Wouldn't using a resistor value of 500Ω cause a voltage drop across the resistor of 9V, leaving the LED dark because no potential difference is left?

  • \$\begingroup\$ ...plus 9V battery starts at 9V or more new (about 9.8V abs max brand new for alkaline cells ) and falls to ~= 6V 'flat'. A saving grace is viewed in isolation the eye-brain can only just distinguish a 2:1 change in light level. \$\endgroup\$ – Russell McMahon Oct 27 '16 at 2:41

That would be correct if the current was 0.018A but it won't be.

LEDs (and diodes in general) are a little odd. For a start they don't follow Ohms law, that only applies to passive devices (Resistors and for AC signals capacitors and inductors).
As a first approximation a diode can be modeled as allowing no current to pass if the voltage is less that its on threshold voltage and allowing an unlimited current to pass once over that threshold. It's sort of the electronics equivalent of a dam, if the water level is below the top of the dam all the water is stopped. But any water that is over the top of the dam can flow as fast as it likes.
This isn't quite correct, in reality there is a small switch on region where the voltage / current relationship in the diode transitions from being zero current to almost unrestricted current, but this is close enough for most basic circuit analysis.

So in this case the circuit you end up with is:

+9V -- 500R -- LED -- 0V

If the current was 0.018A then there would be 9V over the resistor leaving 0V for the LED. The LED is not at its threshold voltage and so no current flows. But current can't just vanish, for a series circuit like this it must be the same at all points. Clearly the current in the resistor can't be 0.018A.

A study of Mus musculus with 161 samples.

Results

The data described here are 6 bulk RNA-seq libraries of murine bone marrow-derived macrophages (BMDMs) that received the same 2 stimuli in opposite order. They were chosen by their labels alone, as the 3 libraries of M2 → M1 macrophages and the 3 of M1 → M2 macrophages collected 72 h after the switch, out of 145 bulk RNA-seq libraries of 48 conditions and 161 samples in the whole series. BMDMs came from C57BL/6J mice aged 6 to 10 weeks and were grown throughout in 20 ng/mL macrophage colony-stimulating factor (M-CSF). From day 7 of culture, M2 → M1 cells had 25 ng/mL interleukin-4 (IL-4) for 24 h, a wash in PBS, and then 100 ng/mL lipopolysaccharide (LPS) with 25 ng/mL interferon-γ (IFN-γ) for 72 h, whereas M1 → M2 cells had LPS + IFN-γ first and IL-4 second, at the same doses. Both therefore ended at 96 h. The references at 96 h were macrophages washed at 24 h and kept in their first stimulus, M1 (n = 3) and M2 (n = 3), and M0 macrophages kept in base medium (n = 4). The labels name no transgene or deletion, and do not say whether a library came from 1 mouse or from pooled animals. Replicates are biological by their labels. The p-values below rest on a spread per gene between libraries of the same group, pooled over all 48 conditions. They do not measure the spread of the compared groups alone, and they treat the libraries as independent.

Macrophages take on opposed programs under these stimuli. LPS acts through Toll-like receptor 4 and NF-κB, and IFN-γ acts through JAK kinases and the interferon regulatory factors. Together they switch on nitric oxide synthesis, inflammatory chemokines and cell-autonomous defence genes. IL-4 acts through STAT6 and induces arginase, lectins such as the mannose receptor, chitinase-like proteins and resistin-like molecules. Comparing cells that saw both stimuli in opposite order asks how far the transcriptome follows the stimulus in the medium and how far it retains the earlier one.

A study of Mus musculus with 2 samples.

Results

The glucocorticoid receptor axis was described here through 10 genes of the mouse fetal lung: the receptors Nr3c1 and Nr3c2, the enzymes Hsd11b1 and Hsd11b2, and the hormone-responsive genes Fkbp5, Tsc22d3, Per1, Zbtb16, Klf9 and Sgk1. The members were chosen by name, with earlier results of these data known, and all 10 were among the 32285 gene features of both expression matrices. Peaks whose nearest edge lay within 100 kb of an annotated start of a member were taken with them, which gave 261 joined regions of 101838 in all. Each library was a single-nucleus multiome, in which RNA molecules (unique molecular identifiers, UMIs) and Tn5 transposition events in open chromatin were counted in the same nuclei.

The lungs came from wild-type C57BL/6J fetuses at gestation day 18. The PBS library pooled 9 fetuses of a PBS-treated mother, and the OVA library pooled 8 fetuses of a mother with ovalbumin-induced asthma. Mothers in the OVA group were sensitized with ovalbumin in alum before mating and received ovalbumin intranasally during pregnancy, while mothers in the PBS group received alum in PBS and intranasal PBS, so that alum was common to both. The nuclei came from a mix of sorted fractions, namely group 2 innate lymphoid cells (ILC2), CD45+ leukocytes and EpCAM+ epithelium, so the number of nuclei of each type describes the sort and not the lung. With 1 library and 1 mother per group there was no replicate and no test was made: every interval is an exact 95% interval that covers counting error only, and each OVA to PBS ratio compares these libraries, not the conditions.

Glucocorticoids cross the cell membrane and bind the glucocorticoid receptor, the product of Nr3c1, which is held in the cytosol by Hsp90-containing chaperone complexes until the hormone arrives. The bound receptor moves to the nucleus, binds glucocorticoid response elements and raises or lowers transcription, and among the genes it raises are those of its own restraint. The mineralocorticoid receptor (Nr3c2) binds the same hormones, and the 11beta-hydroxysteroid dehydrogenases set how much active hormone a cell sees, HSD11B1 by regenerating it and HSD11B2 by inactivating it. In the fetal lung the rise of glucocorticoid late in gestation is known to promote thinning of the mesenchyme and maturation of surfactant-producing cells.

Similarly if the current in the resistor was 0 or close to it then the voltage on the resistor would be close to 0 and the voltage on the LED would be 9V. But anything over the threshold and the LED doesn't restrict current flow so we have unlimited current flowing. Again we have an inconsistency so this can't be correct.

As should hopefully be clear by this point the the only way we will get things to balance is if the voltage over the LED is exactly at the threshold voltage. That way the LED is allowing current to flow but we don't end up with an infinite current requirement. The LED is operating within that small switch on region, where exactly within the region doesn't matter for something like.
If the LED is at the threshold this means the LED voltage is 2V leaving 7V over the resistor. 7V and 500 ohms means a current of 0.014A.

The maximum current for an LED (and most diodes) is mainly for thermal reasons. The power used by the LED will be the voltage drop * the current. Only a tiny amount of that will be turned into light, the bulk of it will be converted into heat. Too much current and you get too much heat and things go bang.